Plant the Love of Learning


All kids are born with an interest in the world and desire to understand how things work. So, why do some people seem to age out of the passion for learning while others do not? While the ability to learn and the pursuit of knowledge is partially hard wired in us, a huge contributor comes from our home environment and influences. Our roots are nurtured one way or another from day one, which is why nurturing a love for learning can and should start there as well.

I believe that it is our responsibility as parents and caregivers to keep our children engaged in learning at home, even if and when they move into a traditional school system. Though my daughter goes to a school, I am focused on providing other opportunities for her to learn at home or wherever our family is on any given day. She sees no difference between fun and learning, which is the goal. Learning can be fun even when it is challenging.

Here are four tips to plant the love of learning in your child.

1. Choose toys that contribute to your child’s development in a positive way.

There are certain things I refer to as “enduring toys.” These are toys that are truly worth the investment because they are engaging, used for a long period of time, and enhance brain development. Two examples of enduring toys my daughter plays with daily are LEGO® and magnetic building tiles. They enhance problem solving, creativity, focus and are STEM-themed (science / technology/ engineering / mathematics). Toys that allow kids to pretend play, develop art and music skills, and build literacy are also fantastic. Many of the items like this around our house are by Melissa & Doug®.



2. Provide opportunities for outdoor investigation.

Some children play in organized sports teams. Other kids play outside using sports equipment, bike, or swim. All of these activities are fantastic because they create fun memories and promote physical fitness. An often forgotten outdoor activity is allowing your child to explore nature, which contributes to an understanding of science and respect for the environment. Do you remember collecting leaves as a child to look at and compare different types? Did you think finding bugs under rocks was interesting? Did you have a rock collection? Kids are still fascinated by that stuff in 2021. I am so glad they are.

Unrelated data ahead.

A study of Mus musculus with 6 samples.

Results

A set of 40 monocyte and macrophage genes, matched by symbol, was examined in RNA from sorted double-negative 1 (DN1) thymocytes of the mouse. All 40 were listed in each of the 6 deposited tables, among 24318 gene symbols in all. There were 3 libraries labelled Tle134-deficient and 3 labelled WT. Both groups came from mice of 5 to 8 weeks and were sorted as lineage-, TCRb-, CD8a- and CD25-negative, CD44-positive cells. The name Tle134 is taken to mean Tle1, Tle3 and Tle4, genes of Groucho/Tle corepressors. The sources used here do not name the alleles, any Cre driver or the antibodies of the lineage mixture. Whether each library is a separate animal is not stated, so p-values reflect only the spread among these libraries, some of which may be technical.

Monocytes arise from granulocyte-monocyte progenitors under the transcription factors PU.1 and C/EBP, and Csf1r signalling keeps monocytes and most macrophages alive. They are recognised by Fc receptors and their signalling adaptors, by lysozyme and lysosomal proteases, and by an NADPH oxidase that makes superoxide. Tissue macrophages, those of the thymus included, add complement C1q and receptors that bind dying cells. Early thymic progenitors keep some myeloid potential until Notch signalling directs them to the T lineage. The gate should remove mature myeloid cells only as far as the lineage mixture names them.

Outdoor investigation can take place around your house. Using a magnifying glass to look at plants and insects during the day or a telescope to look at the stars at night opens the door for your child to ask some great “why” questions. If you want to go beyond your own yard, the Tulsa area has many places to explore the outdoors and offers family-friendly hiking.

3. Reconsider how your child is spending time in the car.

How long is your child in the car each week? Perhaps you take your kiddo to and from daycare or school. You might also go on car trips. It can be tempting to plug kids in to electronics in to keep them from getting bored, but there are other options, too. The car is an ideal place for child to flip through a book if he or she isn’t prone to carsickness. Even if your child does not read yet, there are highly entertaining picture books. Audiobooks for kids are also fun and promote active listening and recall skills. Pick books or audiobooks on topics that interest your child.

When my daughter is in the car for longer than usual, we use the time to find new songs to listen to, do joint storytelling exercises, tell jokes, or she looks at a book. That is what she is used to and what is normal for her, so car trips are easy with minimal complaining.

4. Listen to what your child is interested in, not what you think they should be interested in.

Lastly, remember that your child is a person with distinct interests. Perhaps you were into football, but your child just is not taking to it. That is okay. That same child might have an interest in learning an instrument instead. If you try and make a child love the same things as you, it is likely you will find resistance. Help your child learn about the world in general while also allowing him or her to focus on that thing they just cannot get enough. Children also often change their interests many times, so be willing to adapt. In other words, we as parents must learn through this process as well.


About Amanda Murphy:

Amanda MurphyAmanda Murphy is passionate about what parents can do to enhance and supplement their child’s educational experience outside of the classroom. She believes in a model where kids grow up excited to learn, which starts with the parent or caregiver. As mom to a very bright and active 5-year-old girl in a not-as-active pandemic world, Amanda is constantly seeking out new ways to tie learning into real life to keep her daughter engaged. This involves outdoor exploration, a focus on literacy, building imagination, learning toys, and much more. Her belief is that each child is born with a passion for learning, but that harnessing it correctly is essential. Equally, she believes all children are smart, just in different ways.

Amanda was born and raised in Tulsa where she attended the University of Tulsa before earning graduate degrees in management and new media studies at Northwestern University and DePaul University in Chicago. After work took her to the East Coast, she moved back to Tulsa in 2014. She is married, and in addition to her young daughter, has a stepson entering his teen years. Amanda consults through her business, Lemons 2 Empires.